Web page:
Ivan Doig’s 1978 This House of Sky. Landscapes of a Western Mind, is a superb literary memoir. Sky is equal parts captivating storytelling about Doig’s youth, and near poetic reflections on the meaning of childhood, how family and the land mold the soul, and the power, challenges and uncertainties intrinsic in “remembering.”
The title provides immediate insight: What more fitting description of Doig’s Montana childhood home than “house of sky?” “Landscapes of a western mind” underscores the essential nature of this place, both as one of the book’s central characters and as Doig’s ground of being.
We’re carried through his growing up years, a life divided between ever-changing Montana sheep and cattle ranches, and a series of near extinct high plains crossroads, where he boards for school. He speaks eloquently (and at times hilariously) of saloons, neighbors’ libraries, blizzards, cowboys, cafes, sheepherders, teachers, local characters. From his (mostly) motherless childhood, his father and maternal grandmother emerge as bedrock and beacon.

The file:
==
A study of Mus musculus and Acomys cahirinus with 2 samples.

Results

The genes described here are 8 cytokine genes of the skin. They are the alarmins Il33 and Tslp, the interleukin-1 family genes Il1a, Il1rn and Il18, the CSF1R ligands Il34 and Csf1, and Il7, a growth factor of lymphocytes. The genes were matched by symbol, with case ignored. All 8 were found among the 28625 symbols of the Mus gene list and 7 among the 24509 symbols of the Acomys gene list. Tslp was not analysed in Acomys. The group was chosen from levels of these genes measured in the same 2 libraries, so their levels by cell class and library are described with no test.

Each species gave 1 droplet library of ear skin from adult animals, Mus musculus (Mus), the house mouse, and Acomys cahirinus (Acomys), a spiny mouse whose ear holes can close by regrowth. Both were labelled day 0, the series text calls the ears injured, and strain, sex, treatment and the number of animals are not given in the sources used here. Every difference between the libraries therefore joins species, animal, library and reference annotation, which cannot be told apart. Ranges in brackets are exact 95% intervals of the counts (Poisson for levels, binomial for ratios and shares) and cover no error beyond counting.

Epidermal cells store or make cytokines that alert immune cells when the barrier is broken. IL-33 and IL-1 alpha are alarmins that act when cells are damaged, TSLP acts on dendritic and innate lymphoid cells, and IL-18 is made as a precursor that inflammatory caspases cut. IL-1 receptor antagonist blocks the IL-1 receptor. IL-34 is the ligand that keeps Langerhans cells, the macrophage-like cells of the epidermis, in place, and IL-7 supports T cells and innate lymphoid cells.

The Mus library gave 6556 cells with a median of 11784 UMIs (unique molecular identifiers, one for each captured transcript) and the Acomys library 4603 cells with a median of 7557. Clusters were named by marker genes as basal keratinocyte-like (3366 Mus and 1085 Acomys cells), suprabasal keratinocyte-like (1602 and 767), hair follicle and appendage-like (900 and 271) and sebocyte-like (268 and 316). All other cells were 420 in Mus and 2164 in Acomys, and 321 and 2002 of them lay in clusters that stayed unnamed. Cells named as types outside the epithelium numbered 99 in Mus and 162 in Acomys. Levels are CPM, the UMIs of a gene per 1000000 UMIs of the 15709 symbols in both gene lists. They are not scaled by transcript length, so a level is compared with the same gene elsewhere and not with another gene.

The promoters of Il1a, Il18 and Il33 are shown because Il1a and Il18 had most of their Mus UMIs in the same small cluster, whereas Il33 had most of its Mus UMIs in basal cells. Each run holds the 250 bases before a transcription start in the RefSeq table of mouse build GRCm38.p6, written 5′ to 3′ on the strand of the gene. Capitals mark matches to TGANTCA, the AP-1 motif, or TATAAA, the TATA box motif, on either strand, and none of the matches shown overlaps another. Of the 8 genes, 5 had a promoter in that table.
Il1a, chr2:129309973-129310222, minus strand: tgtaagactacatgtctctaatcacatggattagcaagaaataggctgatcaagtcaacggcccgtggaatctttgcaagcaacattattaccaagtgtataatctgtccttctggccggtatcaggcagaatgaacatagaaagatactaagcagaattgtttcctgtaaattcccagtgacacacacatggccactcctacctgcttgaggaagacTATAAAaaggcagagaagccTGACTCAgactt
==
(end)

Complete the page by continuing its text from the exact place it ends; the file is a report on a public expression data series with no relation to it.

While the stories are mesmerizing and alone worth the reading, it is the musings, extended italicized reveries at the end of each chapter, that make the book more than just an exceptionally well written reminiscence of a hardscrabble ranch upbringing. It is in these italics where the prose takes flight past high class storytelling and into poetry. Swept up in dreamlike words, this reader found she too “remembered” the story, not in the particulars but in the universal fable which is growing up.
So while I did not live on the Montana high plains, sleep for months on a davenport in a stranger’s front room, or herd 4000 head of sheep 40 miles to summer pasture, I too was a child once, mystified by the vagaries of the adults around me, trying to figure out the logic of their grown-up ways. And like Doig, when I peer back into those “before times” for clues, I too see, at times, only dimly. As he describes it all too well: “Memory, the near neighborhood of dream, is almost casual in its hospitality.” (p.106)
This House of Sky. Landscapes of a Western Mind by Ivan Doig. Harcourt, Brace, Jovanovich, Publishers. New York. 1978. 314 pgs.